This page was updated on:

Annual Reports: Archaeological Survey and Evaluation

Operations & Maintenance Streamlining Programmatic Agreement

Past 106 Consultation

To obtain additional information regarding cultural resources on U.S. Army Alaska contact Lisa Graham.



Donnelly Training Area

Donnelly Training Area (DTA) lands have supported human populations for the past 10,000 to 12,000 years.  Though not located on Army lands, two of the oldest well-dated sites in North America—Swan Point and Broken Mammoth, dated to between 11,500 and 12,400 radiocarbon years before present (BP)—are located in the Tanana Valley near the DTA. The oldest radiocarbon date for any item found on DTA itself is 9920+/-60 years BP.   

The DTA lands fall within an area occupied at the time of Euro-American contact by Lower-Middle Tanana Athabaskans.  Traditional settlement patterns focused on a widely mobile seasonal round, including caribou hunting and summer fishing, berry and root collecting and sheep hunting.  These activities frequently had a communal focus including several local ‘bands’ connected by common interest, geography, and intermarriage. 

As Euro-American traders, miners, missionaries, and explorers moved into the Tanana River valley, the traditional lifestyles of local Athabaskan groups were disrupted.  In 1898, the discovery of gold in the Tanana uplands began a rush of Euro-American settlement into the Tanana River valley.  As the economic importance of the valley increased, the need for reliable transportation routes and communication systems rose in tandem.  Existing trails, such as the Bonnifield, Donnelly-Washburn, and Valdez-Fairbanks trails, saw increased use and development in the first decade of the 20th century.  This increase in activity also resulted in the establishment of several roadhouses and posts.  In 1906, Congressional appropriations led to improvement of the Valdez-Fairbanks trail, crossing the Alaska Range south of Delta Junction, following the Tanana River to Fairbanks.  Completion of the Alaska Railroad in 1923 was followed two decades later by construction of the Alaska Highway in 1942, firmly tying the Alaskan interior to the outside.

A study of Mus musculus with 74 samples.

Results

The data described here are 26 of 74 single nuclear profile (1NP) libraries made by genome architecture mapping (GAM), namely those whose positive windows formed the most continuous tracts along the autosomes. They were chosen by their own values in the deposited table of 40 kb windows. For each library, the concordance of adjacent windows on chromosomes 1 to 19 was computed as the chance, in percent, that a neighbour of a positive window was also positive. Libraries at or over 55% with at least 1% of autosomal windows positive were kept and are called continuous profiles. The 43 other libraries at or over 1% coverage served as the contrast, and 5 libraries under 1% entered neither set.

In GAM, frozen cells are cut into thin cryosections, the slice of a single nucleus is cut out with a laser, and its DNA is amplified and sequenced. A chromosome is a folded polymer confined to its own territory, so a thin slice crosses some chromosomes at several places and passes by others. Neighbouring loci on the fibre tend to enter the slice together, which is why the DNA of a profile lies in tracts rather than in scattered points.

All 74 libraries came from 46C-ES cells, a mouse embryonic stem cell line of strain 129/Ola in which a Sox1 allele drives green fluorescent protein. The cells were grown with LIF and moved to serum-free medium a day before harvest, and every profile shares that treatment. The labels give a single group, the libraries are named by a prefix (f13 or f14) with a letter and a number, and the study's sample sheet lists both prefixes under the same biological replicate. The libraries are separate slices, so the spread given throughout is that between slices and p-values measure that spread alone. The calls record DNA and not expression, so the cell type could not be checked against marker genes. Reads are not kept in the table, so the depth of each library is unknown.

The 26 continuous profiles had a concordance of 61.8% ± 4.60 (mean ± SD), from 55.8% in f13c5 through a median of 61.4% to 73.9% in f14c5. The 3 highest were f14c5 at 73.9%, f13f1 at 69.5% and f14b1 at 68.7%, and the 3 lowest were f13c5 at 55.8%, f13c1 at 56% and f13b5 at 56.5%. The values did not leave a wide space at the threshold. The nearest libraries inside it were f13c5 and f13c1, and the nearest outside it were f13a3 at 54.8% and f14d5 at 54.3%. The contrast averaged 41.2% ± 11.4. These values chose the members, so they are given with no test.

Development in the Alaskan interior increased dramatically with the advent of World War II and the subsequent military build-up in Alaska.  Of particular significance was the development of the airfield near Delta Junction (Fort Greely).  This and other locations began as lend-lease bases and cold weather testing centers, but soon expanded with the increased need for military support during World War II and later, the Cold War. 

Today’s Donnelly Training Area was formerly part of Ft. Greely, an Arctic training and testing installation south of Delta Junction. Ft. Greely’s predecessor was Allen Army Airfield, a World War II airfield built in 1942 to support the Lend-Lease operation along the Northwest Staging Route. After the war, the Army began to use the installation and surrounding lands for much-needed Arctic testing and training. In 1955, the airfield and 678,000 acres of training lands became part of the new post of Ft. Greely. As the home of the Northern Warfare Training Center and the Army’s Cold Regions Test Center, Ft. Greely continued to support Arctic training and testing missions. With the closure of Ft. Greely in 2001, the training lands were transferred to the control of Ft. Wainwright and are presently known as the Donnelly Training Area. The DTA is no longer affiliated with the re-established Ft. Greely, which is now a small area under assigned to the Space and Missile Defense Command.